Dombivli factory blast: Why should we vote next year, ask angry residents
One week on from the chemical factory blasts, Dombivli wounds still raw as angry residents rue neglect and official apathy
On the main road in Dombivli's MIDC Phase-II, it seems like hustle 'n’ bustle as usual. It is teeming with pedestrians, and vehicles. You could hardly guess that a week ago, life came to a halt here. Shockwaves from an explosion in a nearby chemical factory, pierced through the lives and altered the psyche of residents.
V Sundar looks at the wreck at her sister’s home in a building. Pics/Sameer Markande
The sun shone stoically on Thursday morning, as if to convey the mood of the area. Labourers trudged mechanically in and out of the factories at the site of the blasts, working on excavating its remains. Pushpavilla Society residents, one of the buildings that shares a common boundary with the chemical factories where the explosion occurred, looked from their windows at the charred remains of what was once a flourishing industrial site.
The Shindes are rearranging things at their home
One can sense the mood of anger here. It has been a week since the blasts, yet, no one from the government has offered any real assistance.
Heena Mehta, with a door which needs to be refitted
“Today is the seventh day since the blasts, but still, not one official from Kalyan Dombivli Municipal Commission (KDMC) has come to conduct a structural audit of the building,” said Rajiv Tiwari (40), Pushpavilla resident. “Now, we have no other option but to carry out a private audit, and pay for it ourselves. At least do the bare minimum and install doors in the common toilets of this building. How are people supposed to use toilets without doors?”
Bhikaji B shows the stitches he received after glass shards pierced his body
The hurt is still festering. “The Chief Minister (CM) came for a bit, but only at the site of the blast,” said Sunil Bobade (45), a rickshaw driver. “He did not even come once to the neighbouring buildings to see the extent of the damage. It would have felt nice to know that someone was looking out for us, and will be taking care of us.”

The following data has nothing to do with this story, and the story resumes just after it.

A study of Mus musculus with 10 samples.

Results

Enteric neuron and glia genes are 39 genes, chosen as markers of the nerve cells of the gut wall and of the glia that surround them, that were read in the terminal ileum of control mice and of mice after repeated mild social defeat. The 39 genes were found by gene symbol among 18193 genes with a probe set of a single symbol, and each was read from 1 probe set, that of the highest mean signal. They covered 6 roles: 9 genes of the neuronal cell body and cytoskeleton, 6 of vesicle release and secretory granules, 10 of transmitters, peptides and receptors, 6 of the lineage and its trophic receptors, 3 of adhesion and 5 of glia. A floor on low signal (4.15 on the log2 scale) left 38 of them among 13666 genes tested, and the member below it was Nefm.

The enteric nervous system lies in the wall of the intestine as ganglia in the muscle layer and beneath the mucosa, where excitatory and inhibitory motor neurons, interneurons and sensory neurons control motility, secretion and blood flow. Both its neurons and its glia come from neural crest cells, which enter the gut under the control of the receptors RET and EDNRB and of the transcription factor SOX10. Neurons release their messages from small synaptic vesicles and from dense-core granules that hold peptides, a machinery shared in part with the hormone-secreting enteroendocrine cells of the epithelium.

“Let the election come next year," said Sushant Shinde (28), referring to the upcoming 2017 Brihanmumbai Municipal Corporation (BMC) election. “We will make sure that no one enters the building for promotional purposes. Why should we vote? When the blasts happened, not a single official came to see if we were okay.”
Residents who have alternate houses in the satellite town of Dombivali, have shifted there, along with their families. For others, however, moving isn’t an option; their homes in MIDC are the only ones they have. Most of the families live on a fixed income, one that is going to be stretched thinner than ever before, as they repair their damaged houses. “Officials from the tehsildar’s office came to do a punchanama of the damages, but have not given us a date when we will get the compensation, or a figure of how much compensation we will receive,” said Tiwari. “They (the officials) even refused to give us their contact numbers.”
Word on the street is that each affected household will receive an average compensation of R 12,000, a sum that doesn’t come close to covering the cost of incurred damages.
“There is a sense of fear in us, and it’s going to be there for a long time,” said Heena Mehta (46), another MIDC resident. “We jump at the smallest of sounds, and fear that what happened last week, can happen anytime again. Hopefully, they will move the factories out of here.”
Mumbaikars have always been symbolic of resilience. They have prided themselves on their ability to bounce back after disasters. This time though that resilience seems to be wearing thin. As one sees wood being sawed everywhere and glass being cut for windows, it is evident that people are trying to piece together their lives, angry at the neglect, they are also fearful of what the impending monsoon might bring.